Quick Look: New Play Exchange
New Play Exchange is a searchable database offering access to playtexts at an affordable price point.
What is it?
New Play Exchange (NPE) is a platform offered by the National New Play Network. It purports to be the “largest digital library of scripts by living writers.”1 Focusing on contemporary drama, the platform is available via subscription to professionals in the field, as well as institutions and organizations. At the time of writing, the site has a little under 43,000 scripts available. The platform is very affordable, which may be appealing to community college libraries. It is not currently offered by the Consortium.
Created by an “alliance of professional theaters that collaborate in innovative ways to develop, produce, and extend the life of new plays,”2 this platform offers reasonably priced access to play scripts. It is easy to search plays according to representation of characters and the creators (eg. playwrights). Individual user (creator) accounts are not included in the institutional subscription. This individual/creator account enables users to upload their work, which helps new playwrights gain exposure to the profession.
Upon entry, the platform promotes a featured list in the initial view. At one point while examining the product for this review, the featured list was on "Scripts About Body Positivity and Autonomy,” and later, on “Scripts About Being Asian in America.” It was not clear if the featured lists would be archived to be viewed on the platform over time, but this section may be of interest to drama departments, faculty, and students. (Note: it does appear there is a Twitter thread linking to these featured lists.)
On the site, a user can read brief profiles about the creators, including an “Artistic Statement.”. “Readers” and “Organizations” can also share profiles. The script webpage may include recommendations, which come from other creators on the site (and their names are hyperlinked to their own profiles), so it appears the professional networking features of the site contribute significantly to the structure. While students cannot create their own profiles as creators under the institutional subscription, it might be inspiring to see how creators position themselves and speak of their work.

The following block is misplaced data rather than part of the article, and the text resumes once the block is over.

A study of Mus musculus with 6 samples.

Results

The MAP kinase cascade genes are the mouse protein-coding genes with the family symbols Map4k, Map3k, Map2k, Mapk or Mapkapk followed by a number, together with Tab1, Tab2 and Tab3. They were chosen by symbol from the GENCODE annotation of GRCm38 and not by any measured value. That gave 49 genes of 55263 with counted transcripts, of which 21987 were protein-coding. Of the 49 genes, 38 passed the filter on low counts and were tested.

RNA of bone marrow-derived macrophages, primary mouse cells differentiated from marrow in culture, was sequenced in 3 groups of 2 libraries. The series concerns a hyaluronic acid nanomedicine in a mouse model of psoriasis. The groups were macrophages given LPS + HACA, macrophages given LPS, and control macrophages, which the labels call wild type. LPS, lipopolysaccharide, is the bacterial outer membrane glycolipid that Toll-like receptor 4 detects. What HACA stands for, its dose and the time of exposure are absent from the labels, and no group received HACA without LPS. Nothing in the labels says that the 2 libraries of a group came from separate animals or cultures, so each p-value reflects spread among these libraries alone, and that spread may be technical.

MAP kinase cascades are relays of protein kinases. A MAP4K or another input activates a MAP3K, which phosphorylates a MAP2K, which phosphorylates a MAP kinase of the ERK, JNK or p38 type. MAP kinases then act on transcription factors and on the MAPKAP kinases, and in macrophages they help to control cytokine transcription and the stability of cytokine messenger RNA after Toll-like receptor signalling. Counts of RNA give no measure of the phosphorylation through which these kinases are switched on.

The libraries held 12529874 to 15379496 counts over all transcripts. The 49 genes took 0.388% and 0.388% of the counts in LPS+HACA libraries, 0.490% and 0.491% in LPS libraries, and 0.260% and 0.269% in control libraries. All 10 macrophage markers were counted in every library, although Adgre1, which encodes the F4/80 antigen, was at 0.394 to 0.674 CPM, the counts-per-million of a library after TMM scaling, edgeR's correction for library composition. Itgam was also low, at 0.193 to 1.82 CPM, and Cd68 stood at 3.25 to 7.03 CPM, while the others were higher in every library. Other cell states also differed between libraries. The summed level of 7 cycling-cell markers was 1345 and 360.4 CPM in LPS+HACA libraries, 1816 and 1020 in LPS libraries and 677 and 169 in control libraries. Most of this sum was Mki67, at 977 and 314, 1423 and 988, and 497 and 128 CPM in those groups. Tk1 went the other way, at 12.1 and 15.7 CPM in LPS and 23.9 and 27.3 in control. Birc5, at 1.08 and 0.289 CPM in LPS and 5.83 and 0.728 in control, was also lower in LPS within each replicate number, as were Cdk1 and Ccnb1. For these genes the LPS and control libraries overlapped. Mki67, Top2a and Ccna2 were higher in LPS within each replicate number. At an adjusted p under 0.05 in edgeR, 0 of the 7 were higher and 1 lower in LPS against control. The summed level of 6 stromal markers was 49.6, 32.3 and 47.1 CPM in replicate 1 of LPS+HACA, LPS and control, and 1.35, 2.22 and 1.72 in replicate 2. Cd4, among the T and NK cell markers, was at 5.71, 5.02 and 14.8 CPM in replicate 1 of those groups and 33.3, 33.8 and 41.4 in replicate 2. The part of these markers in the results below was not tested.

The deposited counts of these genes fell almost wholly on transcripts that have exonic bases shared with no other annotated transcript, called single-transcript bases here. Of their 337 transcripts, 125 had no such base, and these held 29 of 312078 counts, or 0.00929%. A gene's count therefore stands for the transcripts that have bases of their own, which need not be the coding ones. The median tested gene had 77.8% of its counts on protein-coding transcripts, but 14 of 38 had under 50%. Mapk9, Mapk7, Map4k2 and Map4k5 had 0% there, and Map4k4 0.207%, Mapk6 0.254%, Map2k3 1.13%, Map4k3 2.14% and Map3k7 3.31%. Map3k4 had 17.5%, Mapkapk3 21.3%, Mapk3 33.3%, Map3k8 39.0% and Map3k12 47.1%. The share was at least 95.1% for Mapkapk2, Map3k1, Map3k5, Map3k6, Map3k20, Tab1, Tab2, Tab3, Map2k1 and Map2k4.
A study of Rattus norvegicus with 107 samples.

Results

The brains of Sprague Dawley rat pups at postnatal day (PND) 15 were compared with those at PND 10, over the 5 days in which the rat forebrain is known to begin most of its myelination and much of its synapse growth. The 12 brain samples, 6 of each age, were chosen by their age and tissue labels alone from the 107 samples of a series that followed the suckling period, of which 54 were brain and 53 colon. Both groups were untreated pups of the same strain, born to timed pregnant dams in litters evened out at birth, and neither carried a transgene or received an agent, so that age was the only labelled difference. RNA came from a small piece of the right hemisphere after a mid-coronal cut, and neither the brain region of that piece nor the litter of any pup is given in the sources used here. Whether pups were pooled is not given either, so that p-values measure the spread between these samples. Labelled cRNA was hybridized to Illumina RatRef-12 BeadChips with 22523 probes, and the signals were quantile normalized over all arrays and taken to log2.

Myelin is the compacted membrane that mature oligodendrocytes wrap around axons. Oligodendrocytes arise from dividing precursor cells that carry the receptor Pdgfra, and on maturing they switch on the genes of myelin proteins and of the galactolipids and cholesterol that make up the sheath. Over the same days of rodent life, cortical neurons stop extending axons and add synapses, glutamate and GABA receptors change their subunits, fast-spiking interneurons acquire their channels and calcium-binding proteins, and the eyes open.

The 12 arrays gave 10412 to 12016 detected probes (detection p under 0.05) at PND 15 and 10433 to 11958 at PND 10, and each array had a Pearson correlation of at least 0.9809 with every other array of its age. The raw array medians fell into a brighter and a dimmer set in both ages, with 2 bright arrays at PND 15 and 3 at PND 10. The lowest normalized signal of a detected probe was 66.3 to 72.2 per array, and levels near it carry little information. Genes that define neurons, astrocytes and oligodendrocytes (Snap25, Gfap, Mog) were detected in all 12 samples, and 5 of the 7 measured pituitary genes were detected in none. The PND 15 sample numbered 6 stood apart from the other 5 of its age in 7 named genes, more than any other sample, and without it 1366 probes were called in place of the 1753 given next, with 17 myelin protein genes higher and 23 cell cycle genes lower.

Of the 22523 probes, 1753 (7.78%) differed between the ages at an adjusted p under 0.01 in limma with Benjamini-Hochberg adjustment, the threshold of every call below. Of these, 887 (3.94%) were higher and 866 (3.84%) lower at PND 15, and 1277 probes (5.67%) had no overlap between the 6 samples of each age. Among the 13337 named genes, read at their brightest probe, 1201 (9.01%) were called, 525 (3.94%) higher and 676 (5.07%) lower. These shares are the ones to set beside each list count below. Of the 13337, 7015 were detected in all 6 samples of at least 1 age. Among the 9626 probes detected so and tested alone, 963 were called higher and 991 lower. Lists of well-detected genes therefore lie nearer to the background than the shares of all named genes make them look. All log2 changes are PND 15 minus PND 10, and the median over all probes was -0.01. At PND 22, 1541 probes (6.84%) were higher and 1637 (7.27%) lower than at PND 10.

There are three search types possible: Plays, People, and Organizations. It does not appear that these can be cross-searched at the same time, though the use of facets might make an equivalent experience possible. There are additional filters within a search related to play metadata, as well as playwright demographics and playwright location. A wild card search option was not obvious.
The main focus of the platform is contemporary scripts, but it does include adaptations of classic works. For example, one part of the play listings included Alice in Wonderland by E. P. Klopp, Alice's Adventures in Wonderland by Rachel Teagley, Alice's Christmas in Wonderland by Tommy Jamerson, and Alice's Wonderland - A Hip Hop Musical Adventure by Linda Chichester et al.
Script records display information such as the title, playwright, a summary, genre, subject keywords, run time length, cast size, age appropriateness, and narrative attributes (which could include ‘Centers Characters of Color,’ ‘Centers Characters with a Disability,’ ‘Centers Female Characters,’ and ‘Centers LGBTQ Characters’). The play record also includes short details about the characters, the play’s development history, and awards.
NPE exists as a ‘Database’ electronic collection in Alma, so the platform name could be searched in Primo. It is not offered as an aggregator or selective package, so there is no chance for discovery at the play (portfolio) level, nor indexing (via CDI) in the Ex Libris system. A brief search of other academic libraries’ systems does not retrieve play-level results, so users must search the database directly.
No VPAT was readily available at the time of this review. A brief accessibility check by the University Libraries at the University of Washington indicates that it meets basic compliance with respect to keyboard testing. It would be important for the subscribing library to be ready to meet accommodation requests for this database.
It is clear that this resource was made for industry, rather than for academic subscribers, and due to its lack of VPAT, CCL-EAR understands it may not be possible for some California community college libraries to subscribe. That said, the database access is very affordable, so if a library is able to make accessibility accommodations, a subscription to this resource may be appealing.
If you have any experience with this product, please leave a comment and rate its appropriateness for use in a community college environment.
† The offers and trials information are password protected. Actual prices are confidential between the vendor and the consortium.
For access contact Amy Beadle, Library Consortium Director, 916.800.2175.